Tools can improve your writing, but they can also keep you from it.
As a technology enthusiast, I love a good writing tool. The problem: it can prevent me from doing the work.
So I've found that the key to writing tools is minimalism.
You'll find lots of websites and tools out there, but picking the right one amongst the alternatives will cost you time. Time you could spend writing.
I will provide you with insanely helpful yet minimalistic tools for every stage of writing that I personally found helpful. I tried lots of them; as I said, I'm a technology enthusiast. Those are the ones that made the cut.
Writing tool #1 – Inspiration
I remember sitting in a Hans Zimmer concert. At one point, I started crying. I was so moved by the score.
Of course, there was a show, but what moved me was the soundtrack. In this moment, I realized that the power of music is huge.
Every time I write, I always have my headphones in. What do I listen to? I listen to film soundtracks. As a film director, I love a good film soundtrack.
I pick the music strategically, depending on the scene I write and the mood I need. It inspires me while I write and sets the tone for the session.
My tool for that is Spotify.
Why? Because Spotify also has an insanely good discovery algorithm, helping you spot everything related to the type of music you listen to.
Writing tool #2 – Research
I do a lot of research – futuristic technology, science, places and history. Research helps me refine my story and deepen it.
The problem is getting through all the material because there is so much out there that I find interesting; I can get stuck in the research without having written anything.
Blinkist is an app and website that summarizes books. Every chapter is summarized with key basic takeaways and some quotes.
I read the summary of a book first and then decide if I want to go in depth and purchase it. Blinkist is an excellent tool to save time and invest it in writing without having to compromise the quality of your research.
Writing tool #3 – Outlining
There are several outlining tools and programs out there – like Plotter or Novel Factory, and I've tested most of them.
But as a minimalist, I find them too overwhelming. My go to tool is: Milanote.
I work with the three act structure, dividing the outline in four parts – 4 columns.
The notes in that column are the scenes. You can move them around the way you want to, mark the turning points, like the pinch point, the inciting event aso.
And I also give the notes an emotional tag. The emotional intensity of the scene is tagged with colors. Red scenes are emotionally intense and packed with action. Orange are also intense, but not that full of action. The green ones are important for the book but consist of more tension in dialogue and reveals. Blue scenes are reactions and calm scenes.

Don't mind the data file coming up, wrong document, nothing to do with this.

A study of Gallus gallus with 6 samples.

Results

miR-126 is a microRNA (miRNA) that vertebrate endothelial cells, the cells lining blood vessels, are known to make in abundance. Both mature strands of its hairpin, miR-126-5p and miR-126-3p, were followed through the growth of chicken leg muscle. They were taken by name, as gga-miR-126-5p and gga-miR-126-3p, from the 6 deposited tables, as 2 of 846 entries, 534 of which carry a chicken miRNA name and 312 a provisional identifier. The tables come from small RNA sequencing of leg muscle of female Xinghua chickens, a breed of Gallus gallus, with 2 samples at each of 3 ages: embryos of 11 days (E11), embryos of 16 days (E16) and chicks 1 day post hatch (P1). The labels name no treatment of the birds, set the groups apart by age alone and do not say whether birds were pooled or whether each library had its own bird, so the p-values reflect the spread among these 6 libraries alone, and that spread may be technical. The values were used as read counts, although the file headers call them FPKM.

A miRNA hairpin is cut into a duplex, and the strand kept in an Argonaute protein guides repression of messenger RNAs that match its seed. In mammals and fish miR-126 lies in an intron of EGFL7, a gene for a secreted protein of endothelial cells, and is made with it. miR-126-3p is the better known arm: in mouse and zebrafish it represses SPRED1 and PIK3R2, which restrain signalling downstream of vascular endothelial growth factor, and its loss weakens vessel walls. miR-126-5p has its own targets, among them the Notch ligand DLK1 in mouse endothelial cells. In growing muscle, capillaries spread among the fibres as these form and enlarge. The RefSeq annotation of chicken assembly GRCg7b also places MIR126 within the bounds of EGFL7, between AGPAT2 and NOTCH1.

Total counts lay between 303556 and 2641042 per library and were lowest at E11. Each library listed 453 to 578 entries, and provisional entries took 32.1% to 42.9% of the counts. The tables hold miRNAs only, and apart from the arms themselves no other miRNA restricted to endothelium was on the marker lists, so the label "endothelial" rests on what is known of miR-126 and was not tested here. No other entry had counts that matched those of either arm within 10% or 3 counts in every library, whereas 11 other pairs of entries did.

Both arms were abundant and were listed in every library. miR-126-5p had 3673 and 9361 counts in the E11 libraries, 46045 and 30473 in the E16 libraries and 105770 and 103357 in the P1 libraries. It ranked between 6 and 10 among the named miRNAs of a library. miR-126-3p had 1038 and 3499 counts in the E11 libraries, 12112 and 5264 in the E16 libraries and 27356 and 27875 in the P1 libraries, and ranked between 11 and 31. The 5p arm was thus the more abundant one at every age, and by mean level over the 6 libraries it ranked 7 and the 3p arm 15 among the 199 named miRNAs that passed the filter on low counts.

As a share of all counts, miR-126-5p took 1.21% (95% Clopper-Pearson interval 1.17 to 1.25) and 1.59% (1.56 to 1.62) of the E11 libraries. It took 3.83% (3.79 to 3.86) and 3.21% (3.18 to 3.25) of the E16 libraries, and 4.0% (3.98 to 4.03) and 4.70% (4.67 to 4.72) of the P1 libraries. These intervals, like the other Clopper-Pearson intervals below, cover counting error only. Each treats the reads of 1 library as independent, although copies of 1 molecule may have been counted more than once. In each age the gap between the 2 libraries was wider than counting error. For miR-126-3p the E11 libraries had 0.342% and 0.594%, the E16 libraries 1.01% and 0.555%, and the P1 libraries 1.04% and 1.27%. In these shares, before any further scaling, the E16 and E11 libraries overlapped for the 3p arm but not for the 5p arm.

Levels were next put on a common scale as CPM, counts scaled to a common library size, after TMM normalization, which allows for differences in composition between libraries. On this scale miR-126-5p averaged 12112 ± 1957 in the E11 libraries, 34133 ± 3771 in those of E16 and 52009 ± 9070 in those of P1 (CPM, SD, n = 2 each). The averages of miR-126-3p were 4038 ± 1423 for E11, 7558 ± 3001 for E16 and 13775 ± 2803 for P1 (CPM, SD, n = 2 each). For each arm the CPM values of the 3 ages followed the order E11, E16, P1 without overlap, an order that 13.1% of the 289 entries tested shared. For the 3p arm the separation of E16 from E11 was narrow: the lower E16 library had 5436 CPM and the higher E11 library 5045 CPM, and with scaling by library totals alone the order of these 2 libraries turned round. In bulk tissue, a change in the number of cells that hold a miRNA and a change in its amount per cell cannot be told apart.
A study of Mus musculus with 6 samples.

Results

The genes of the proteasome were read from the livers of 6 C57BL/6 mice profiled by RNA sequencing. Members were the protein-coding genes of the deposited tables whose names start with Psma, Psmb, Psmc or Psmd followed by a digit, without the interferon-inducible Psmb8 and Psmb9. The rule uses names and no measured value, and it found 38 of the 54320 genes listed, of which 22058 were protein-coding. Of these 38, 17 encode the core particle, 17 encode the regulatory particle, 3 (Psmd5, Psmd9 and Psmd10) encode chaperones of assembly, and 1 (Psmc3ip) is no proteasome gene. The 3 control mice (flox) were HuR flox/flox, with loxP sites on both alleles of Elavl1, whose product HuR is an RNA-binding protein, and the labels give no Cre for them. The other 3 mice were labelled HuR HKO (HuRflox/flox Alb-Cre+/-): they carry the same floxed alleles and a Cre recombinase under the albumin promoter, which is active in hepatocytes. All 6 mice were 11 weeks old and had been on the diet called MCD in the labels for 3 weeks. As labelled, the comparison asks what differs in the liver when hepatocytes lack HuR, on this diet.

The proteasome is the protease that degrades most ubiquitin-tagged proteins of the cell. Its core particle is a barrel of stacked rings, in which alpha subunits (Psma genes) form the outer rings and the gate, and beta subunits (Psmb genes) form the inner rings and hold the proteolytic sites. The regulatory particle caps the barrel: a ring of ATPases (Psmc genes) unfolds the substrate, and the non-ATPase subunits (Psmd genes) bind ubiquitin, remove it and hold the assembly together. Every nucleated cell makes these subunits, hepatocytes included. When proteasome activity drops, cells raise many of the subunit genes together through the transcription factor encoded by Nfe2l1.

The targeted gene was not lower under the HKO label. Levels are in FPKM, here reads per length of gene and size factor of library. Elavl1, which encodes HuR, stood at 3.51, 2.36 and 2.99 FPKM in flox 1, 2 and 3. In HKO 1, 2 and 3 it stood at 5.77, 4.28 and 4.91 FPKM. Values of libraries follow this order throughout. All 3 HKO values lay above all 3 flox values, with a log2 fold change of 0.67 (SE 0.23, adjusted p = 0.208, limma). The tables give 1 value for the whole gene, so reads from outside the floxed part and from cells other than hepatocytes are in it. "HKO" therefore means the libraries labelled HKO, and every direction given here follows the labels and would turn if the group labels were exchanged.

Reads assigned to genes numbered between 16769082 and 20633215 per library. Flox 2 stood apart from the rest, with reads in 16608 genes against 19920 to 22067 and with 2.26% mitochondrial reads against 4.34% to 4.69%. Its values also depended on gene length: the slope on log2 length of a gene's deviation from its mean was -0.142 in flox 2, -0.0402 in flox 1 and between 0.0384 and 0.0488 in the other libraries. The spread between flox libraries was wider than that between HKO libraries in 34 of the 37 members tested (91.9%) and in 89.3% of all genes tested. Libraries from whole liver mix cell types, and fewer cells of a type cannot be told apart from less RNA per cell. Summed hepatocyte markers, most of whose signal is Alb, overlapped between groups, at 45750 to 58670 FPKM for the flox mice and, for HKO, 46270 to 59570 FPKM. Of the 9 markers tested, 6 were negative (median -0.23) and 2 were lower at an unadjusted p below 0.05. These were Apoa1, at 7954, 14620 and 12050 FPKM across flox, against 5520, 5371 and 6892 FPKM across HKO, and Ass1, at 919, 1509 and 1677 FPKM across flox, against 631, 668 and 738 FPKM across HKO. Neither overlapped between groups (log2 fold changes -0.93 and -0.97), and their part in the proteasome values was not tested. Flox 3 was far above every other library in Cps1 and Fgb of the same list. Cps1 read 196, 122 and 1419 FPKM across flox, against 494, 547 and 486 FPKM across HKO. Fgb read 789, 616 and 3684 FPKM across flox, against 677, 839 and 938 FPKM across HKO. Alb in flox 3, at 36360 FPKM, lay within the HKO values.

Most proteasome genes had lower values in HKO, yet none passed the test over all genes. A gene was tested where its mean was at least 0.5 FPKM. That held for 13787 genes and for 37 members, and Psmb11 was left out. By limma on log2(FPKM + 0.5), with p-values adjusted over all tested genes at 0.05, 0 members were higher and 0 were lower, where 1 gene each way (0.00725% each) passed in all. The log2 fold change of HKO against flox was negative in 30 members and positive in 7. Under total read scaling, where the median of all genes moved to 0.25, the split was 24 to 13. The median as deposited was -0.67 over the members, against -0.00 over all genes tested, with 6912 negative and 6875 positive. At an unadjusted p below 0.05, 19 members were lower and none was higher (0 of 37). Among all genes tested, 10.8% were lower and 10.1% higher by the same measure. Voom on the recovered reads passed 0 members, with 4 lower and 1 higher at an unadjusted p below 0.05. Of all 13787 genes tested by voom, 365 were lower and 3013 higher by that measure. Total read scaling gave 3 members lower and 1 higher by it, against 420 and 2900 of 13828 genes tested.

This way, I can see the emotional pacing of the book at a glance.
Writing tool #4 – First draft
I tried every trick out there to get through the first draft.
And what I found is that it's really important to track your progress and challenge yourself all the time. You can do this with a mastermind group or a fellow writer, or with the app called Wordly.
It shows you your writing speed – words per hour. It creates a competition with yourself, prompting you to increase your writing speed and see how many words you can get on paper in a short time.
And I've found that this also helps get into focused writing because when you're in deep focused writing, you can get more quality words down faster.
Writing tool #5 – Writer's Block
There are many things that can block our creativity, but few solutions that help us free it.
I found if I get stuck with writing the first draft, I have to switch to dictating.
Or more precisely: transcribing.
My problem with the more popular dictation software is that you have to pronounce the punctuation – coma, full-stop, colon. As someone who needs to get into the flow of talking when I dictate, it's too distracting.
That's where Descript comes in. It's an AI tool that I use for podcasting, but recently have discovered for my first draft when I get stuck with typing.
I record my dictation with QuickTime. For that, please make sure that you have a good microphone. Then pop it into the program and it does the transcription. Of course, there is still a lot of correction to be made. But it's very efficient, especially when it comes to getting unstuck.
Writing tool #6 – Editing
Pro Writing Aid is my new must-use tool in the last stages of the editing process.
It spares me the shame of having obvious grammatical mistakes in my books that I just haven't seen because you truly become blind to this stuff after having read your work for a thousand times.
This is the tool for line edits and some stylistic help with language.
Helps me spot the overused words, delete them or change them up with the build-in thesaurus.
Spots my passive voice, showing instead of telling.
Helps spot explanatory dialogue tags and see how to change them up.
Shows all grammatical mistakes.
Writing tool #7 – Everything
When talking about writing tools I cannot not mention Scrivener. It's my go to tool for everything.
It's the best writing tool ever. And the best part: it's so cheap for what it offers and also a onetime purchase (not a subscription).
It has so many tools yet at the same time can be used instantly for the basics like: organizing, writing, commenting, tagging, summarizing... I can not do this tool justice. If you only get one of those tool, get Scrivener.
Remember: stay minimalistic.
Get words on paper. This is your most important work: producing amazing books. and everything that helped me with that, I shared with you today.